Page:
I Got 99 Problems but the Bench Ain't One, Hit Me!

For those of you that are unaware, bench press Monday is practically a national holiday. Go to any major gym and at some point you're going to see a guy doing some form of bench press that day. For some reason people just like to start their week off with the bench.

To quote leading spinal researcher Stuart McGill "I love the bench, and... I hate the bench".

For some people the bench press is actually a great core exercise. Helping to activate the core through the movement of the upper body. For others it's a shoulder destroyer. 

Rather than discuss the bench press, what I want to do is discuss shoulder health, and how to help maintain healthy shoulders. Several tips already coming to mind specifically for benching such as: dumbbell bench with your palms facing each other, don't let your elbows flare out when benching, and it helps to offset chest exercises with twice as much back exercises.

However, in my mind there are three key areas to focus on that will go a long way in helping your shoulders stay healthy.

  1. Core
    • Often when the core is not working right the rest of our body has to compensate. Take an overhead press for example, if our core is not engaged as we push a weight overhead the low back arches, we lose stability and we begin to push almost solely through our shoulders in a compromising position. For a lot of people this will lead to some serious shoulder pain later on. Rather if we're able to keep our core engaged we actually can push not just through our shoulders, but our scapula muscles will be able to get more involved as well as our core. This is just a small example of why a strong core is important for healthy shoulders, especially in the execution of upper body exercises.
  2. Thoracic Spine
    • Along with our core, our Thoracic Spine needs to be another solid foundation in which our shoulders can rest. With a healthy and mobile thoracic spine it's a lot easier for our core to activate without losing a good posture. This means that our scapula muscles will be working properly, allowing the scapula to move into good positions and once again helping alleviate any extra stress that is put on our shoulders. Without a healthy and mobile t-spine a lot of lifting will happen in the shoulders and the low back.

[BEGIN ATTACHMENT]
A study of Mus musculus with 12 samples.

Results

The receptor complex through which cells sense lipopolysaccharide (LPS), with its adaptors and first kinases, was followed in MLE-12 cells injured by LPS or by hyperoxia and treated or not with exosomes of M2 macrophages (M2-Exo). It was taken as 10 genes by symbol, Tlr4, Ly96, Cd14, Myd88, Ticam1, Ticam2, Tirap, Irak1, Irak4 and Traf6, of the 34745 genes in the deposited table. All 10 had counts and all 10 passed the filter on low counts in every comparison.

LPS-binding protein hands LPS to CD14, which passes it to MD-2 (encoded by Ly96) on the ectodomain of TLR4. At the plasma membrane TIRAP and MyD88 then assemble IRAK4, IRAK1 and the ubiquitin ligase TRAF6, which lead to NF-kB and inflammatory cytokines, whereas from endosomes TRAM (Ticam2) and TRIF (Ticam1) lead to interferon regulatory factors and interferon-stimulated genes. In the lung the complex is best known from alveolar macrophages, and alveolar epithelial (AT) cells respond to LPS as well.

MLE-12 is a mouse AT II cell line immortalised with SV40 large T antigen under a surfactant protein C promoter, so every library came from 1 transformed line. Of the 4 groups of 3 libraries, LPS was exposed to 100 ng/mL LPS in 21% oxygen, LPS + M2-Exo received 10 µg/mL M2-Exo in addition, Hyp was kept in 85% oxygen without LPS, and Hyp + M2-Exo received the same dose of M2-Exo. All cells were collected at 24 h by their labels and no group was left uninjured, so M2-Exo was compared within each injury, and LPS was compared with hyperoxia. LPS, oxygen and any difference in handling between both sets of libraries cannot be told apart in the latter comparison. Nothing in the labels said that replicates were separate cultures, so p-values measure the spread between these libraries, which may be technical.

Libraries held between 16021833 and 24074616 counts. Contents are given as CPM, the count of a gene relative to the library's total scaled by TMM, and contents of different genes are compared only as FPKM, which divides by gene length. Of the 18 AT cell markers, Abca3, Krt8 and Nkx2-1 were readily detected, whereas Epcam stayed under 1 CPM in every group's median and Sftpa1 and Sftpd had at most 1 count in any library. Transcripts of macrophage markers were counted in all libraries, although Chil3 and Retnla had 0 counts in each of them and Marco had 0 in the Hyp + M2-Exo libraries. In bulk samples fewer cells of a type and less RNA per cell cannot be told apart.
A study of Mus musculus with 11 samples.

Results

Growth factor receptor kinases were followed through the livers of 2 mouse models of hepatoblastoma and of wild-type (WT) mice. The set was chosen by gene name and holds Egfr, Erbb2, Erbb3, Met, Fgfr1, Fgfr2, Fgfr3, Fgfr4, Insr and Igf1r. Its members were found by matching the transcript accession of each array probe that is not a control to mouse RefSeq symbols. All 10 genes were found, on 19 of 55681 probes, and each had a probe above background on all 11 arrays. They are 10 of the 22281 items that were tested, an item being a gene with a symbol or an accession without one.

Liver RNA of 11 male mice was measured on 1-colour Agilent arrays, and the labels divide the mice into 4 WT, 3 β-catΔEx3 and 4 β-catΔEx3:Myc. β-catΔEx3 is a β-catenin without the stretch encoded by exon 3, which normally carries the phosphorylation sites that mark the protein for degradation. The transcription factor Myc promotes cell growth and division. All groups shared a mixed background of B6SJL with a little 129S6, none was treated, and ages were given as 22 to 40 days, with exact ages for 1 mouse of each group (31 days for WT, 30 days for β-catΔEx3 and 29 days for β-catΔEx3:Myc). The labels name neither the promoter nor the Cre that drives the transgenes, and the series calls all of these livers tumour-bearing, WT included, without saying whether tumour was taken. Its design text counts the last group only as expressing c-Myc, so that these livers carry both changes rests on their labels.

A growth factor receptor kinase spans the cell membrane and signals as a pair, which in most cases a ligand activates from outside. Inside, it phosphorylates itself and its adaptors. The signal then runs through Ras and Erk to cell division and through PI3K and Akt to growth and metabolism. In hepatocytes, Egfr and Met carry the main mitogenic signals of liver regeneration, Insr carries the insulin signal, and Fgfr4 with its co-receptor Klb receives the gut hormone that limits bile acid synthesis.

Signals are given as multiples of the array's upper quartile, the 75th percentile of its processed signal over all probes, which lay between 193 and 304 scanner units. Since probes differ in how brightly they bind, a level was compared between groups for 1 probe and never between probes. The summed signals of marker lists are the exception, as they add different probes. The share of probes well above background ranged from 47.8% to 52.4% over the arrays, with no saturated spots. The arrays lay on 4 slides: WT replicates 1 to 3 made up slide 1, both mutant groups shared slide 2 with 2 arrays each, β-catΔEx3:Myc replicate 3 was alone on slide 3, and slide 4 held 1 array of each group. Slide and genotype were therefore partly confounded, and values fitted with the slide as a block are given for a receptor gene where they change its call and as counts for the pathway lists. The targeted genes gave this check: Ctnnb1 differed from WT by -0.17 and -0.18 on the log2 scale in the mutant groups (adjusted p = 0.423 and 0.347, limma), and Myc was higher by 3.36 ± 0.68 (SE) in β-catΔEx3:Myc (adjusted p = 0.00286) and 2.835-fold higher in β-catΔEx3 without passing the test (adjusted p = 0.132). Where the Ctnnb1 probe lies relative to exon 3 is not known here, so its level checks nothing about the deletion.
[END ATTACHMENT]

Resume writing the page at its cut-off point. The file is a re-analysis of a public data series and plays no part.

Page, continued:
3. Posture
    • Consider posture to be the synergy of the t-spine and core working together. The core creates the foundation for the t-spine to move freely, and as I said earlier, when the t-spine is moving freely its easier for the core to be solid. Our postural muscles need to be trained just like any other muscle. A solid posture means our shoulders will be helped by so many more muscles and as a result alleviate a lot of the strain that would be put on them. Not to mention good posture helps create stability for our shoulders as well as allows them freedom to move. 

 

All told, these are the three areas that must be trained on a regular basis to keep our shoulders healthy. Not to mention these are three areas that just help the rest of our body, and our overall health. Thus, they should not be ignored in your training.

Now I'll admit that the bench press itself doesn't allow for a lot of freedom in the movement of the scapula; but that's ok, because when our postural muscles including the core are solid I would argue that the bench press becomes more of a total body movement and even a core movement anyways. Alleviating excess strain on the shoulders.

A great resource for learning more about these three areas, and to even pick up some good exercises is the Postural Restoration Institute (click here). As the name implies they make their living off of helping people restore their posture. I highly recommend checking them out.

-Dave

Did what I say just blow your mind? Wreck your world?... In a good way. If you have any questions or like what you see drop a comment below or share with your friends.